The federal government is investing $300 million to boost early childhood education.
The new Early Years Quality Fund will help support the implementation of the National Quality Framework.
Grants from the $300m EYQF will help services offset the cost of employing a higher qualified workforce and ensure quality education and care is being delivered while maintaining affordability for parents.
A new Pay Equity Unit will also be established in the Fair Work Commission, with an initial focus on the early childhood education and care sector.
The NQF requires early childhood education services to employ staff with higher education qualifications by 2014.
To qualify for the grants, child care benefit approved long day care providers must be able to demonstrate a commitment to quality outcomes for children, including how their services will meet NQF requirements.
Eligible services will receive grants to promote productivity and increase wages for employees with a certificate III by $3 per hour from July 1. There will also be proportional increases for staff across the existing classification scale.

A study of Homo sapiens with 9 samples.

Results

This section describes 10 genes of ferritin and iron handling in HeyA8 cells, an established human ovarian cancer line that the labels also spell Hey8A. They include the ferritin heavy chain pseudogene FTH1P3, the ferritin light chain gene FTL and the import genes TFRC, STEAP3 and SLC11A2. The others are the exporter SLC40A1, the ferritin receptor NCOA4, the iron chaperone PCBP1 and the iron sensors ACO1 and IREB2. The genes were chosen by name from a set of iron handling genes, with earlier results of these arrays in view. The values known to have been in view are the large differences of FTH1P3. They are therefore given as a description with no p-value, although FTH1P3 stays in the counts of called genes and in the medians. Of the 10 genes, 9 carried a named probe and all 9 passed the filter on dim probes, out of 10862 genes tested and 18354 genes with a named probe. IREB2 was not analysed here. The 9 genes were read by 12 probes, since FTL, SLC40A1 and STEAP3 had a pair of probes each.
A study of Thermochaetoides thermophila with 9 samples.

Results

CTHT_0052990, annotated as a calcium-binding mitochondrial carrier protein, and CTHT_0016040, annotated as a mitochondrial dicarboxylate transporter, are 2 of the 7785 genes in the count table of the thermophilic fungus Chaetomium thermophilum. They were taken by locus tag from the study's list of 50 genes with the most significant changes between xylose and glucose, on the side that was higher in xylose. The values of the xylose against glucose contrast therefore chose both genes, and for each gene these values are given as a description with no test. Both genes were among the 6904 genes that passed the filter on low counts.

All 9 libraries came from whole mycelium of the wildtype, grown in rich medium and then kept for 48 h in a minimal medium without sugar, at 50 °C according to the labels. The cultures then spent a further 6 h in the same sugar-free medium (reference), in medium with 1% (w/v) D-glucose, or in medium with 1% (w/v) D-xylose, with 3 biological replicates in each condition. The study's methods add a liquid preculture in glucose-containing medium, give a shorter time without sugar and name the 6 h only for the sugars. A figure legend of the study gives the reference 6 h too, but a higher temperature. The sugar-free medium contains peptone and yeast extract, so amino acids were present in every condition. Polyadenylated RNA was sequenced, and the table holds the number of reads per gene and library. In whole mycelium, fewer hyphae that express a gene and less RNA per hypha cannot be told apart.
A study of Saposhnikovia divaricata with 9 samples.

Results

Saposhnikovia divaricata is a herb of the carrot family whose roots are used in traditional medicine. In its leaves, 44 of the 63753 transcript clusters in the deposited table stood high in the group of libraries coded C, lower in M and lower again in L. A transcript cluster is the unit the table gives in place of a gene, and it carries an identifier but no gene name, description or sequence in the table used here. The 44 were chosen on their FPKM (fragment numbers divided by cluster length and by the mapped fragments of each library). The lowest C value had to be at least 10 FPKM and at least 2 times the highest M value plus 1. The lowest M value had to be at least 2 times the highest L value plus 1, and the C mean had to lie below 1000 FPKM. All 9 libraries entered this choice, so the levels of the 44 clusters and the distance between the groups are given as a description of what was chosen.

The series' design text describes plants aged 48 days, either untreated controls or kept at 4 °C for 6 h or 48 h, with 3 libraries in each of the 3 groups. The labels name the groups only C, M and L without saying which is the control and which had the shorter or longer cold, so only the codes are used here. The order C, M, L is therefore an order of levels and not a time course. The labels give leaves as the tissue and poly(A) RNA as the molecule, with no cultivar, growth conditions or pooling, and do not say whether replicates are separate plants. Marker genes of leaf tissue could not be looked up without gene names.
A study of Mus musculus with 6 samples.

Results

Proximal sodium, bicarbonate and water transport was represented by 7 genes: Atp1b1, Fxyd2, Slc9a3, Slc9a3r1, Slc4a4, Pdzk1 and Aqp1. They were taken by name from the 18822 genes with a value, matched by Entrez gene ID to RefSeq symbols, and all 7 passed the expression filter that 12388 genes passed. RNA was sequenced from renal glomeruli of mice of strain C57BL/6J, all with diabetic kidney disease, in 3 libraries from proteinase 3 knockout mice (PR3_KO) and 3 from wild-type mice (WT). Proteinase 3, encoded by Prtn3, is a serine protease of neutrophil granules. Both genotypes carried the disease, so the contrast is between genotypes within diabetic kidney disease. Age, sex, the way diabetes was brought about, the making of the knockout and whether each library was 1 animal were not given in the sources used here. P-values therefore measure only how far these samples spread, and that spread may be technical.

“This wage increase for early childhood educators will assist in raising the professional status for our hardworking and dedicated early childhood educators,” Early Childhood minister, Peter Garrett, said.
Early learning providers will be required to curb fee increases to reflect only the rises in operational costs. This will ensure affordability as well as transparency on fees for families.
Minister for Employment and Workplace Relations, Bill Shorten, said the new Pay Equity Unity within the Fair Work Commission will do research and collect data on pay.
Minister for Early Childhood and Child Care, Kate Ellis, said: “We have come a long way since staff were considered babysitters and they should be recognised as the qualified professionals they are.”
An advisory board consisting of both employee and employer representatives will be formed to oversee the development and implementation of the EYQF.